Uber, Lyft, Didi and the rest of global ride-hailing industry look more and more like public transportation, in both the number of customers they serve and the variety of transportation options they offer. Yet we know very little about how safe these services are. How often do drivers get into accidents? How often do those accidents result in serious injuries? How frequently do drivers attack passengers and vice versa?
I recently wrote about 14 women who say they were assaulted, raped or harassed by their Uber drivers. Their stories are terrifying. One says she was "jolted awake" when her Uber driver began sexually assaulting her. Another says her driver took her to not her sister's apartment but to his, where he forced her inside and raped her. We can hope these nightmare allegations are tragic anomalies. But how rare are they?
We don't know. Unlike most public transportation services in the U.S., which release data about arrests and are subject to public records requests, San Francisco-based Uber and its ilk share very little information about how often tragedy strikes. The Bay area's BART subways replied to my request for data in seven minutes with a report showing a 24 percent increase in violent crimes in 2017. It's not a comforting trend line, but putting the information in front of the public is a first step to addressing the problem. BART has increased the number of arrests.
In contrast, I submitted a public records request months ago for Uber drivers who had been arrested in San Francisco. After several months, police shared a smattering of arrest reports that could not have represented all the violent incidents involving Uber drivers in the city. Several police forces said it would be impossible to provide any data because they don't track Uber drivers specifically.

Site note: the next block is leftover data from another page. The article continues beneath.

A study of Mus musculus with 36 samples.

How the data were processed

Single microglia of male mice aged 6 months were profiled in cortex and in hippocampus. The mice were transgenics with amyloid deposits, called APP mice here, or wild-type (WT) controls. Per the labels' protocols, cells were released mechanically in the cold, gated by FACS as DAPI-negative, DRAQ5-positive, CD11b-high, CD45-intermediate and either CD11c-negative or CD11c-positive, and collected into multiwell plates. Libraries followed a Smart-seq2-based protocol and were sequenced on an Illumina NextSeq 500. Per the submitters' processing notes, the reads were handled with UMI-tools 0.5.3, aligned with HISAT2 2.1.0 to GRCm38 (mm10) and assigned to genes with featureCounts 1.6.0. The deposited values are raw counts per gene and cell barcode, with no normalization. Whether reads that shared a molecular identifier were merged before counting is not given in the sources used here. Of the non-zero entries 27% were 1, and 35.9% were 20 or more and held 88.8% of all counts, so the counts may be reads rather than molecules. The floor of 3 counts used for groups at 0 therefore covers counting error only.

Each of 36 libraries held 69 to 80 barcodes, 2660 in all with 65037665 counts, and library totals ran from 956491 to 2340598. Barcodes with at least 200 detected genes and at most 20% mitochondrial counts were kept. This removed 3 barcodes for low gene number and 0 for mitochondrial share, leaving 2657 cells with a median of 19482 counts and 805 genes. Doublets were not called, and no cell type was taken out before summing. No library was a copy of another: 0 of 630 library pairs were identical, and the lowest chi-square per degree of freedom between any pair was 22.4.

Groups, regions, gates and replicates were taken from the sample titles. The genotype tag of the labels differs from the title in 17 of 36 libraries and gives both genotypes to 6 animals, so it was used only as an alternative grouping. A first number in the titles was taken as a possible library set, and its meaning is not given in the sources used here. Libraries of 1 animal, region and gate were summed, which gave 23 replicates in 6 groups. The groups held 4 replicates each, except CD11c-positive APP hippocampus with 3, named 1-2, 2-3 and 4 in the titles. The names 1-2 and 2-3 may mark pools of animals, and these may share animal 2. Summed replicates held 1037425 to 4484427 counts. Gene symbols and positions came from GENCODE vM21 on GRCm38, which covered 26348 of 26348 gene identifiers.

Uber is actively debating whether it should release incident data and what that data might look like, people with knowledge of the discussions say. Most companies take great pains to avoid releasing information that could paint them in a bad light. But there are good reasons for Uber to do so. After the initial shock, people's focus would turn to whether the numbers are improving over time. That's what happened after technology companies started reporting diversity statistics. The resulting conversations have been healthy.
The perception of safety is essential to the viability of ride-hailing services. If people don't think Uber Technologies is safe, they'd probably be willing to pay more to take an alternative. Uber's reputation when it comes to safety is already under siege. Local news jumps on just about every report of violent incident. Uber's detractors are tracking and amplifying those reports. Uber could use a more comprehensive answer when something horrific happens, one that puts it in context and perhaps shows violence going down.
Given that safety is so important to the long-term health of its business, Uber would benefit from regular public scrutiny. The company's founding philosophy essentially put growth above everything else. Dara Khosrowshahi, who took over as chief executive officer of a company in turmoil last fall, has said last year's scrutiny "not only started a real cultural change that was painful for Uber but incredibly positive. The leaks, etc., led Uber to finally understand that it had to make the changes that it is making."
New leadership aside, Uber maintains a trust deficit. Customers don't give it the benefit of the doubt. Uber wants to be a once-in-a-generation global company that runs the world's transportation infrastructure. If it wants to prove it can do things better than the government, it needs to be at least as transparent when things go wrong.
After Khosrowshahi took over Uber, he rewrote the company's cultural values. Two stand out: "We help improve access to transportation, and make streets safer," and, "We do the right thing, period."